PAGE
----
I am the type of person who researches everything about a subject that piques my interest. Self-publishing has given me an endless supply of information to read, analyze, consider, and test.
Before this writing adventure, I was deep into researching frugality/minimalism/early retirement. We still lived in France and I knew that as an American, I was falling behind my peers in terms of retirement savings. It would have been absurdly complicated to set up retirement accounts from abroad due to taxes and things like that. This is not the main reason we moved to the states, of course, since many Americans living abroad have diversified investments (and very good accountants). It's just a nice added bonus of moving back that we only have to pay taxes in one country instead of three, and now I get to have all sorts of investment accounts.
There are a few main principles of this early retirement/ frugal/minimalism lifestyle that I find apply to my new self-publishing life:
1) It is not a temporary thing, but a mentality shift. Doing a spending freeze for a month is good, but not if you are just putting off purchases until the next month instead of analyzing your true needs.
2) Spend on what matters to you, not what society says you should. While I haven't gone so far as an outright clothing ban, I haven't bought any in a long time. And when I do buy now, it tends to be used. Our son has 90% hand me downs as well (the rest is 5% gifts, and 5% "strong like mom" t shirts I bought in every size until age 5).
3) Spend less, earn more, ideally both. Moving was expensive, but I did the math over the next 2 years and even with the agency fees, we're still saving more. Add to that some unexpected promotions this year, and we're on a good path. We could reach our goals without my writing making money, but we'll get to them sooner if I can manage to make more than 10 dollars a month (though first goal is still just to break even).
4) As little credit as possible. Only spend what you have. We have a car loan, for the simple reason that it costs less over time to maintain a newer car than if we'd bought an old one with the savings we had and then needed to repair it every other month. I have my student loans, which are slowly dwindling with each passing month. But that's it. No credit card debt, no other loans. If you want something, save up for it.
All of this should sound familiar to indie authors. If you are not already doing a few of these (especially the "little to no credit" one), then costs will quickly spiral out of control. Book covers are expensive. Editing is expensive. Promotions are expensive. The upfront costs can be 600 to 3000 dollars, which you might not have. There is no guarantee of a certain return on investment in this business, no matter what any course or website tells you.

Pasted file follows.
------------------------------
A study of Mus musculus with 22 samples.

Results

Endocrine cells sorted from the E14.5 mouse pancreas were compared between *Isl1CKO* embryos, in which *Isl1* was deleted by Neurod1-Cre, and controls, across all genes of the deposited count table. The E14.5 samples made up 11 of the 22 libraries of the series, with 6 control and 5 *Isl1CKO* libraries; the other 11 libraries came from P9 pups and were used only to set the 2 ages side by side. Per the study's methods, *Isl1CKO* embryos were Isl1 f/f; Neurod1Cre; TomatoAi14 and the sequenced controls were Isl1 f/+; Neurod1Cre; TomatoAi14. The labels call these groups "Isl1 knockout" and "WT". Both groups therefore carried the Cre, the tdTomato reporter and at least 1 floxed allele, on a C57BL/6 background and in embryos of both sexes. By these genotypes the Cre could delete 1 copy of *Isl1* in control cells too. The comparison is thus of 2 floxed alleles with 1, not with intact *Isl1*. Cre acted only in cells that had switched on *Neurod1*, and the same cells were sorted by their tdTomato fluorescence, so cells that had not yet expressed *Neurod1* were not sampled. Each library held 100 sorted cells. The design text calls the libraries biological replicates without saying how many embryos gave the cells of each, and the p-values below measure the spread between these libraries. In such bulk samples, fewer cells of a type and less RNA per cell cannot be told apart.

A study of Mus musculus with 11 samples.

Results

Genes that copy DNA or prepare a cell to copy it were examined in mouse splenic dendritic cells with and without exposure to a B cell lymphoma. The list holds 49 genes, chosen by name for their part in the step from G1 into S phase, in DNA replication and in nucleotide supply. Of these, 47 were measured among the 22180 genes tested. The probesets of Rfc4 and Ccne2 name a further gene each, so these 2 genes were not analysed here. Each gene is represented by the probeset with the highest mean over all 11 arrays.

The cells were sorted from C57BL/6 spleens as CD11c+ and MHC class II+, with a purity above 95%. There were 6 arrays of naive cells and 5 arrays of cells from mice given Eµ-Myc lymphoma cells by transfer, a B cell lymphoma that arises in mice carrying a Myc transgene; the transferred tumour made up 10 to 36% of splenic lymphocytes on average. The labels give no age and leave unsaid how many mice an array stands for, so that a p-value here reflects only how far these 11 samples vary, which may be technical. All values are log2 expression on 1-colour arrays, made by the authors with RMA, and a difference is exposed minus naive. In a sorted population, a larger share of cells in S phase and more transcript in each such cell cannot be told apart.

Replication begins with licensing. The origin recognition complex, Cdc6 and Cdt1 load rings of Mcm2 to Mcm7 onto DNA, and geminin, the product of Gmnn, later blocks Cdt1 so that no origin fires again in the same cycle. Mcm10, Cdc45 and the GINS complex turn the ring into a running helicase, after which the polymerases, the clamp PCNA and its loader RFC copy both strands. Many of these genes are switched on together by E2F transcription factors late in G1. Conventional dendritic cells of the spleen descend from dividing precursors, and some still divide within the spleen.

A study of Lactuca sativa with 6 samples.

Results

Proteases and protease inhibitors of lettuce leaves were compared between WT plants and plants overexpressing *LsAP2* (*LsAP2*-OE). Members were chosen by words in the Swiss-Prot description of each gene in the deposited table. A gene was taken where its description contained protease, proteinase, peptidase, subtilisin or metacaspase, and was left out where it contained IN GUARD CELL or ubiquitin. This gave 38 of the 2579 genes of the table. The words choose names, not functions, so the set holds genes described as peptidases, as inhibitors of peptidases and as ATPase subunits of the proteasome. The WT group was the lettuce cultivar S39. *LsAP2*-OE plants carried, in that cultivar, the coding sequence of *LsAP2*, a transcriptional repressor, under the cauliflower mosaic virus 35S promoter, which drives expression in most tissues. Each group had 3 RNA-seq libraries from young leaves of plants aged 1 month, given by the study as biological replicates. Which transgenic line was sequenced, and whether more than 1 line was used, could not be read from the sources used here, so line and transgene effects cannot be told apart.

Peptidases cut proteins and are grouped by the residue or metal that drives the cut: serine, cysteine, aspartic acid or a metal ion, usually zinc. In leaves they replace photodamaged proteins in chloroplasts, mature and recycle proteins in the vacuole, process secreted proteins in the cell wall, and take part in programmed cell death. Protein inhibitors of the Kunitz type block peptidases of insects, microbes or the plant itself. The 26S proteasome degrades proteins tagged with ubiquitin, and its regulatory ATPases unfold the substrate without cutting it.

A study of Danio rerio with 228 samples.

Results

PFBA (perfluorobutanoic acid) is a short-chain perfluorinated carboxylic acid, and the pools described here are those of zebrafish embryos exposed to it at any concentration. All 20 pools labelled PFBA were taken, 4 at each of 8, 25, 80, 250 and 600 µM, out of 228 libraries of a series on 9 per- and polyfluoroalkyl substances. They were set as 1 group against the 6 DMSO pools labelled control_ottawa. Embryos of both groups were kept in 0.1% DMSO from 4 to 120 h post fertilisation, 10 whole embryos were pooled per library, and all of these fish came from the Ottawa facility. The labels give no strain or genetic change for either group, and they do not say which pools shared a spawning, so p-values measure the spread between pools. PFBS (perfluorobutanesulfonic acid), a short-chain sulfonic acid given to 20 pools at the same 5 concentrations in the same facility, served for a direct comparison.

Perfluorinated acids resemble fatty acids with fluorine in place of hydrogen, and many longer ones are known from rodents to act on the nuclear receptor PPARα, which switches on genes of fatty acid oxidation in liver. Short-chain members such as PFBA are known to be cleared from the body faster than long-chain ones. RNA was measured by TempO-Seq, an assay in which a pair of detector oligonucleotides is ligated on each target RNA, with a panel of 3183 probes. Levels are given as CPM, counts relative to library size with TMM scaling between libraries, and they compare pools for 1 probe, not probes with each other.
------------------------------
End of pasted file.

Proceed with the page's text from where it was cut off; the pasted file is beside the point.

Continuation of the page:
So I urge you to practice frugality first, in addition to your writing dreams. It's not about being a starving artist, but making sure you have a handle on your money before getting into it. While you can treat it like a business and invest, I prefer right now to spend like it's a hobby. I'm not putting any pressure on it to make me money, so I won't go into the red for it. However, this does mean spending less on other things, like restaurants, or yoga classes, and being very careful about the grocery budget. It also means that this will take more time than it will for others, because I'm not putting $100 per day into Amazon ads. I do have a few at $10 per day, however. Frugality isn't about never spending money, but about spending according to a plan to reach your goals.
Frugality is also about recognizing that what others do shouldn't influence what's best for you. Like self-publishing, everyone is on their own frugality journey. One frugal/early retirement blog I read is pretty set against owning property and lives abroad. Another has two houses (one a rental) and lives on a homestead. Will my life ever look like theirs? No. That doesn't mean I can't learn something from them.
I don't compare myself to them, and have been trying to stop comparing myself to other indie authors. This has been hard, but it's getting better. In big part because of the new podcast I'm starting, in order to talk to other indie author moms and promote a more realistic vision of what self-publishing looks like for parents. The other part is just how my mind works - once I research something enough, I figure out where I am in relation to all the information, and I stop stressing about what others are doing. The more confident I am in my knowledge on the subject, the more confident I am in my own choices. Frugality, above all else, is about choices.